Almost Heaven

By TravelinOma of TravelinOma's Library

"Sing The Teddy Bear Song!" we coaxed Dad and Uncle Mel. It was a late August night, and the moon was out. I was about nine, lazing on one of my grama's quilts with all my little cousins around me looking up at the stars while Aunt Ree strummed her ukulele and the moths buzzed around the porch light. Family picnics always ended this way.

Grampa's fresh peaches had been cranked into ice-cream. In the cellar under the back porch, the freezer with the rock salt and ice were covered with newspapers and left to finish the process. The corn-on-the-cob dripped with butter, the cucumbers brined in vinegar and the onions scented the air. Raspberries were eaten right off the bushes and very sour, green apples begged for salt.

There was a big brick stove at the back of the yard where the hamburgers sizzled, waiting to be dressed with homegrown tomatoes. Watermelon rind pickles and chili sauce were on the table along with an empty dish of olives. We kids scampered around the yard, with a black olive stuck on every finger. We almost fell into the goldfish pond, hid behind the hollyhock bushes and rolled down the sloping lawn while our moms hustled the food outside and in, and our dads re-hashed the ballgame. It wasn't West Virginia, but it was almost heaven.

The best part was after it started to get dark. Grama and Grampa harmonized as they sang Shine on Harvest Moon and we all joined in on Are You From Dixie (for some reason I thought I was from Dixie when we sang that song!).

Our sing-a-long was a crazy variety, including Little Grass Shack, Edelweiss, When the Saints Go Marching In, and Bill Groggan's Goat.

The favorites, however, were totally ours. My dad and his brother used to combine lines from lots of songs and create medleys. The Teddy-Bear Song started out with "Honey won't you look into your baby's eyes..." rolled into "Sweet Adeline was singing down in Dixieland..." and somewhere in the middle ran into this ditty:

Well, I had a little teddy bear that had no tail,
Just a little patch of hair.
The sun came out and burnt the hair away,
And left the little teddy bare.

The song eventually ended with "Mister Mo-on, bright and shiny moon, please shine down on, talk about your shinin', please shine down on me."

Babies and toddlers fell asleep as we crooned to that moon. As the oldest grandchild, I prided myself on staying awake 'til the very last song. I even knew all the words.

This is one of the memories I love to visit. In my heaven, we get to check out the DVD of our life and do some kind of virtual reality time-travel to relive our most cherished moments. You'll find me almost dreaming on grama's quilt, listening to my dad sing.

Posted by Ronni Bennett at 02:30 AM | Permalink | Email this post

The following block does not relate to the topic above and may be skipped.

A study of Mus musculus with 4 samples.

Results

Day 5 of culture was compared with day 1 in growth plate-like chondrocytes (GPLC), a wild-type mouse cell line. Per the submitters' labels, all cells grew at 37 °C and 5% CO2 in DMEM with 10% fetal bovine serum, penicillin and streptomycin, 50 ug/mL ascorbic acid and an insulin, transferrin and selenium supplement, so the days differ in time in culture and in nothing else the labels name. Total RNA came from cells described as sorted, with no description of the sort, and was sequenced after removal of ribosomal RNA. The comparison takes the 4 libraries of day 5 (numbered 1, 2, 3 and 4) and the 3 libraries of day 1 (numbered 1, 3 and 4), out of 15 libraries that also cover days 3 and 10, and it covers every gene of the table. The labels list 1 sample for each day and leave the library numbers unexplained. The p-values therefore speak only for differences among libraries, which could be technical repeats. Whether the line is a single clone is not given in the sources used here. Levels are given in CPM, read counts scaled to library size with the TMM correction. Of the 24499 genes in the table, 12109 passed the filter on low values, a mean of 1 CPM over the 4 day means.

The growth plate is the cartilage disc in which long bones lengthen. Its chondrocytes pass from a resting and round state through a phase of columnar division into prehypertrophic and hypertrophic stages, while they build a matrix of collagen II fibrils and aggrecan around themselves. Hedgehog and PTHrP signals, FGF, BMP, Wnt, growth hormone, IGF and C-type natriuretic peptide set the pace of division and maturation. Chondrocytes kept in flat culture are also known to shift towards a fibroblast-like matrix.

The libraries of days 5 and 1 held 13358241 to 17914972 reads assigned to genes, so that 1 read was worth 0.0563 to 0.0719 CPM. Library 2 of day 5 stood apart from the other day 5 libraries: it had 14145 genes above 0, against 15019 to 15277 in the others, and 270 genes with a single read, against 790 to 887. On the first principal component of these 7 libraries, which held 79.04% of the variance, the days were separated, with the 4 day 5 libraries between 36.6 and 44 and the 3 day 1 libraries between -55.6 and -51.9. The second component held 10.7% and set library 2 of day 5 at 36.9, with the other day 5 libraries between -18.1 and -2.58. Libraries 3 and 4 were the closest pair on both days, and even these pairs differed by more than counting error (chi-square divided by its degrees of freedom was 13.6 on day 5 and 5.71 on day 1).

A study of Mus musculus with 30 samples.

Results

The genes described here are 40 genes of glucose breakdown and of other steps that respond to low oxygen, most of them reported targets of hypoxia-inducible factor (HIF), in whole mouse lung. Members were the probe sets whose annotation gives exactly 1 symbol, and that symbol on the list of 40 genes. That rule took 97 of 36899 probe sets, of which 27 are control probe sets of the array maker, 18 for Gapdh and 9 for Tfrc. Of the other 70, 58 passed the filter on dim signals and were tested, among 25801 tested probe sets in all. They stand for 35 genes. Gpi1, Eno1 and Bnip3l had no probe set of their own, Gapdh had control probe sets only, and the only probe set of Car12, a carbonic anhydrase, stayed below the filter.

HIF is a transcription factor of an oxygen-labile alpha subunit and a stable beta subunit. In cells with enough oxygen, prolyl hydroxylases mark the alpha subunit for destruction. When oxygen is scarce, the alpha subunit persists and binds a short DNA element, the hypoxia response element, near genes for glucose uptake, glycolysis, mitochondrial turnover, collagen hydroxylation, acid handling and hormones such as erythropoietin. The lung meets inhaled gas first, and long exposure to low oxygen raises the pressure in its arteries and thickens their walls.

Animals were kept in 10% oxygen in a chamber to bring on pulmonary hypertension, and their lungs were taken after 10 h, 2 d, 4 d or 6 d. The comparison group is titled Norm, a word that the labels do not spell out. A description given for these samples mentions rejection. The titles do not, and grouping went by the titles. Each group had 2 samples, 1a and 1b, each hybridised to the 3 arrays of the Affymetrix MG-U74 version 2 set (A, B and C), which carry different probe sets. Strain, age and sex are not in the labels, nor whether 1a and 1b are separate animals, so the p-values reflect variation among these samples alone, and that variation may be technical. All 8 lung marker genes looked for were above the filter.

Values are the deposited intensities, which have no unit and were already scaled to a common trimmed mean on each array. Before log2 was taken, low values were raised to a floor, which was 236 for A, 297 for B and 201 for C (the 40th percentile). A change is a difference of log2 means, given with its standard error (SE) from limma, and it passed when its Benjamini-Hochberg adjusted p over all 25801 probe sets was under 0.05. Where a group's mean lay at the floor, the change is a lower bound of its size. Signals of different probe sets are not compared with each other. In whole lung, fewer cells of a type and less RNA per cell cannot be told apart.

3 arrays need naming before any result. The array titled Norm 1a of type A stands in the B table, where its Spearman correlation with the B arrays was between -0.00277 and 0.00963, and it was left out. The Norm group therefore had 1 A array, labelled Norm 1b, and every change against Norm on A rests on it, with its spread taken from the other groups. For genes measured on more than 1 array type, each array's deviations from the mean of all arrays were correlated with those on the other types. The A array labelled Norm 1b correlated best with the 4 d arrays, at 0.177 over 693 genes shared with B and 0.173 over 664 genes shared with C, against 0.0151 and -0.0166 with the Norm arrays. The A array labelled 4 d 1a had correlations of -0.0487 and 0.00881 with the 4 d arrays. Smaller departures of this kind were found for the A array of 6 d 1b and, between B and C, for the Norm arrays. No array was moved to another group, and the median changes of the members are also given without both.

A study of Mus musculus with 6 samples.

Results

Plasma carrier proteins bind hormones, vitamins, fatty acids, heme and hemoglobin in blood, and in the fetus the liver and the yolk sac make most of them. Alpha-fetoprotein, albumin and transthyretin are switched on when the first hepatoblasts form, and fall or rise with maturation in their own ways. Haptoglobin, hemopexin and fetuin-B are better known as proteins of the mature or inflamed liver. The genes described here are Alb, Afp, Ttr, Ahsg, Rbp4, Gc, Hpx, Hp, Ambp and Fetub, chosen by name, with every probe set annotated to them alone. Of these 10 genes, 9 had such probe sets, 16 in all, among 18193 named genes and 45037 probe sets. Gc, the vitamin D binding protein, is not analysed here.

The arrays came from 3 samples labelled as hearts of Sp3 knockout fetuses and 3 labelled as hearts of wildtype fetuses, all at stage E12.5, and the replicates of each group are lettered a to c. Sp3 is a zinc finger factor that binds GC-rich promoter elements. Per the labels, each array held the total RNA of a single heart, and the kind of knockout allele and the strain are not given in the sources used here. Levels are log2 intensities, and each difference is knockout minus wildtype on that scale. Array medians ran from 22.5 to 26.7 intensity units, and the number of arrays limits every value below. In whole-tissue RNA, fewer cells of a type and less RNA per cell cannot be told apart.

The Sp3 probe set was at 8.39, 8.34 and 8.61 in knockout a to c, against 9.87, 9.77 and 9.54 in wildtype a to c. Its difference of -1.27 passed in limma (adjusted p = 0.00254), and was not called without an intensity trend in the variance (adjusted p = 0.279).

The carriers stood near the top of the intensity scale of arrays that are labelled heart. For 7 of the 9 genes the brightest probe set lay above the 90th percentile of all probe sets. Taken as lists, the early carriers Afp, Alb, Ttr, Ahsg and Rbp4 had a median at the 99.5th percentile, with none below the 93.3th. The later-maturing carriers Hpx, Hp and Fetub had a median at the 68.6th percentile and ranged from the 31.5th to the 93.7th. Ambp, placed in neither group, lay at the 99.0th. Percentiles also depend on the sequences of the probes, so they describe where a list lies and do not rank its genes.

A line from a song, a taste of fresh fruit or a light summer breeze can waken wonderful warm memories.

Nice story.

I really I loved this, Marty!!!!!

My dad's family was big on singing, too! Some of my best memories are of my Aunt Eileen playing the old upright piano with her brothers gathered around singing the old songs.


This story reached in and wrapped itself around my heart. Memories of singing, memories of family...it doesn't warm the heart any better than this. Thank you TravelinOma for sharing this treasure of a story. By the way, is Oma the German word for GrandMother?


What wonderful memories you stirred up in my heart, Marty.
I can remember when I was a kid my father and mother and their friends gathered at a place called Sweet Marie's and someone always had a ukulele and the popular songs then were "Moon Over Miami" and "If You Were the Only Girl in The World" and the very best was when it was time to go home everyone would sing "Goodnight Sweetheart". Such happy memories. Thanks.

Oma is German for Grandma. There are explanations galore on my blog, but the easy one is I have 18 grandkids spread far and wide, and I have to travel to be with them!

The reason I share memories is so others will be reminded of their own. It thrills me when it works. Thanks for the comments.

We used to sing a lot at home when I was a child, and my grandmom always sang when she was cooking. When my children were small, we sang while I played the organ every day after school. I hope my children have fond memories of that like you do of your family!

This was wonderful Marty....I just loved it. We had a lot of singers in our family too....I often think back at those family times; but we're keeping them going in our present family too. My kids and I are very into music....a lot of different kinds. Thanks for the smiles...

It's so nice to reminisce about simpler and happier times. Family traditions are so very special. Thanks for a trip down memory lane.

Too many families have replaced their closeness and storytelling/singing relationship with mechanical activities and commercial products. I have noticed a profound change in children's development as a result. They appear more stressed, restless, self-centered. The parents and grandparents who recognize this can make a difference.